Mitch Daniels, the Republican governor of Indiana and a possible presidential candidate in 2012, still hasn't fleshed out his ideas on foreign policy in general or the war in Afghanistan in particular.
During his appearance yesterday on Fox and Friends, Daniels praised the U.S. military and the government for killing Osama bin Laden, but he cautioned that “the struggle’s not over and won’t be for long.” Following a speech by Daniels on education policy at the American Enterprise Institute this afternoon, I asked the governor if he could expand on that comment as it pertains to the war in Afghanistan and our efforts to fight terrorism in general.
“What did I say?” Daniels asked. I repeated his quote, clarifying that he had been discussing the struggle against al Qaeda.
“Well, I don’t think that’s all that deep a thought,” Daniels responded. The audience laughed.
“I don’t know how much deeper I can go.” The laughter grew louder.
“I simply affirmed what I think common sense tells you,” Daniels continued. “This was a very significant achievement, tremendously powerful from a symbolic standpoint. Operationally, I assume of some importance too. But with everyone else, I think we all accept that it’s just one real important moment in what will be a continuing conflict and continuing responsibility to the government.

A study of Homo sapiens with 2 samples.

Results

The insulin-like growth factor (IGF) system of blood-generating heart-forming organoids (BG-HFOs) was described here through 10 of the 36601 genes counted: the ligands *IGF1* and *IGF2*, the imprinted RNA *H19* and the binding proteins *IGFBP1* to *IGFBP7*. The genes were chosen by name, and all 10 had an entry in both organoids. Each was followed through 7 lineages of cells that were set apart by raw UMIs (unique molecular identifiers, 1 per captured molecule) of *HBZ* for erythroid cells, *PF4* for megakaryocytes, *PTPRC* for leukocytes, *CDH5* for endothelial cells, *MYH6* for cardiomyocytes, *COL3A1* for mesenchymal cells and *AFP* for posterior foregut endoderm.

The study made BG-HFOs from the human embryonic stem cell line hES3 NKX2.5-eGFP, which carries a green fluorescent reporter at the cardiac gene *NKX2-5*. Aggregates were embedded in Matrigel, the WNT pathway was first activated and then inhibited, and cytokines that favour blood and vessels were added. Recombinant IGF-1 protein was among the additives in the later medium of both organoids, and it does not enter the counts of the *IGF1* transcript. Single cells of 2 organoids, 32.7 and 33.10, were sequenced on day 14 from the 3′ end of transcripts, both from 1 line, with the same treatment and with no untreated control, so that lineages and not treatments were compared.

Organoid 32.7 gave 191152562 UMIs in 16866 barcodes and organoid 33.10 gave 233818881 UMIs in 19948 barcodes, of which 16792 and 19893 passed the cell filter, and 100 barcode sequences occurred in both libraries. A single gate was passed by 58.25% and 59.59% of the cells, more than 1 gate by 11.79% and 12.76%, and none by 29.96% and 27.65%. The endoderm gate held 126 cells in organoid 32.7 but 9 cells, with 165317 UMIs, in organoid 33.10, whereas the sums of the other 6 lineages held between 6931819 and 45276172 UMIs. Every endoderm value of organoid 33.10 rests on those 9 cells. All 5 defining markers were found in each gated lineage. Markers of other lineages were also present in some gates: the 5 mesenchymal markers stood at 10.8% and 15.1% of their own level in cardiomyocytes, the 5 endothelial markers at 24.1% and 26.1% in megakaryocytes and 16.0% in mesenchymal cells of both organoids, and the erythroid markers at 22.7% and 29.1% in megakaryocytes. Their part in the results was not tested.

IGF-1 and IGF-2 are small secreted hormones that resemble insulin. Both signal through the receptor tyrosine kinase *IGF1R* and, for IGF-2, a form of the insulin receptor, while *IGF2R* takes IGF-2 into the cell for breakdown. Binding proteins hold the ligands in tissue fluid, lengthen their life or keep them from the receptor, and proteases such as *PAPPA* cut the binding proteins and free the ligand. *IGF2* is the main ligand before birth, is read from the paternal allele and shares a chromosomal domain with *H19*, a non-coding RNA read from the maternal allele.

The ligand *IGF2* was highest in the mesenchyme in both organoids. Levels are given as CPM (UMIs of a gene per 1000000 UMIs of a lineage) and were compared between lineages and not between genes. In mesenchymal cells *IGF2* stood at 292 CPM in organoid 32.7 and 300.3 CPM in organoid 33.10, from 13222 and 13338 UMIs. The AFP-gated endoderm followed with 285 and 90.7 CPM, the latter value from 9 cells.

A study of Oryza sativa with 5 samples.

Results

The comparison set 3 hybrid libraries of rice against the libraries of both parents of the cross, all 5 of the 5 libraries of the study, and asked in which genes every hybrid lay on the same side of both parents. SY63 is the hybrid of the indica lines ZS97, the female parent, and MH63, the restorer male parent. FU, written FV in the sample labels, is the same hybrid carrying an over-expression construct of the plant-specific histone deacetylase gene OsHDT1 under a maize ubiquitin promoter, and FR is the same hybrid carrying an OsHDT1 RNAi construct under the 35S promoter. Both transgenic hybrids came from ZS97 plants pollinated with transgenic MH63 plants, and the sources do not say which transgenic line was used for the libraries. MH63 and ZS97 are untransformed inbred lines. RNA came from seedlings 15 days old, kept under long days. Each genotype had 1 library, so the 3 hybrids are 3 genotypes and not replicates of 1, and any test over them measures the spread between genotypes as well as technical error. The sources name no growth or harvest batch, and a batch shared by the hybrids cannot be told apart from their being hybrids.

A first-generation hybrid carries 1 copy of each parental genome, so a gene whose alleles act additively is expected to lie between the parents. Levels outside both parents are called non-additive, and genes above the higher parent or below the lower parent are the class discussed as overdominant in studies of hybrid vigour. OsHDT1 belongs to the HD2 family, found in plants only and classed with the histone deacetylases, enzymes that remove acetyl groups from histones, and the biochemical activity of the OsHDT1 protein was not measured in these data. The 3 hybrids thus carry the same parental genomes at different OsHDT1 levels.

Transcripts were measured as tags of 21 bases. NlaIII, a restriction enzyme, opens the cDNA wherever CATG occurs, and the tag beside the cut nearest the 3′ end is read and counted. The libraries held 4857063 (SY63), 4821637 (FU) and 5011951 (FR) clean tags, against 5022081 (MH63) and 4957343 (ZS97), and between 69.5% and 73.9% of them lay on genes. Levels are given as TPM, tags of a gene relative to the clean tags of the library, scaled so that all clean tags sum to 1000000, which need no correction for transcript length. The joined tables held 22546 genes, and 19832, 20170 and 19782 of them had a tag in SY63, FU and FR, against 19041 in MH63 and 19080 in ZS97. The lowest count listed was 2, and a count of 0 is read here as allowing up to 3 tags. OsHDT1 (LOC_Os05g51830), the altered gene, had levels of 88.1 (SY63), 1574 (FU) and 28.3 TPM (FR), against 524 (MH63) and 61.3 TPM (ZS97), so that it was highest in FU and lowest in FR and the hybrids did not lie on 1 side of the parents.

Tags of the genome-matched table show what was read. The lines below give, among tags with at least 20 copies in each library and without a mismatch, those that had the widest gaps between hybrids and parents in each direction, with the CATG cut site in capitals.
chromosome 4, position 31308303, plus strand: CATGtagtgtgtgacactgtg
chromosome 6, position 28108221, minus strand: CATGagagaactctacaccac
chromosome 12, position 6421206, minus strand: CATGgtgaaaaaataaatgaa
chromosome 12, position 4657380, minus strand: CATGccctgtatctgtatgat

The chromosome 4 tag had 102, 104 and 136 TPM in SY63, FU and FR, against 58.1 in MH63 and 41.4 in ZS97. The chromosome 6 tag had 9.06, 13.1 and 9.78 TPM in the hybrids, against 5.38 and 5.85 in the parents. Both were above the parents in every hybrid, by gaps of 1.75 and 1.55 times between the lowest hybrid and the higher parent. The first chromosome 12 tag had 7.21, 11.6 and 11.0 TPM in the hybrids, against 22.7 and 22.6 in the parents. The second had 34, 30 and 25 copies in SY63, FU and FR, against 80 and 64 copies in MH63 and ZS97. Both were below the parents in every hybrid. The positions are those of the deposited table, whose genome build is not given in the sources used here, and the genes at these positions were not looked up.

“But well done, well handled,” Daniels concluded. “Let’s just hope it presages more such successes.”
Daniels did not say anything about Afghanistan, and didn't have anything more to say about foreign policy in general. This dovetails with what Ramesh Ponnuru at National Review Online reported yesterday:
His foreign-policy details are TBD. Daniels said that “it cannot be illegitimate to ask” if some of the country’s military commitments should be unwound, but he has not yet reached any conclusions about which should be—or, at least, any he is willing to share. On Afghanistan he refuses to second-guess the decisions of the president, to whose greater access to information he defers. On Libya he says only that he has not seen the case for intervention made. One gets the impression of someone who is much more cautious about foreign intervention than Mitt Romney or Tim Pawlenty, but also cautious about saying so. He was asked if he were ready to debate President Obama on foreign policy. “Probably not.” (He is candid.)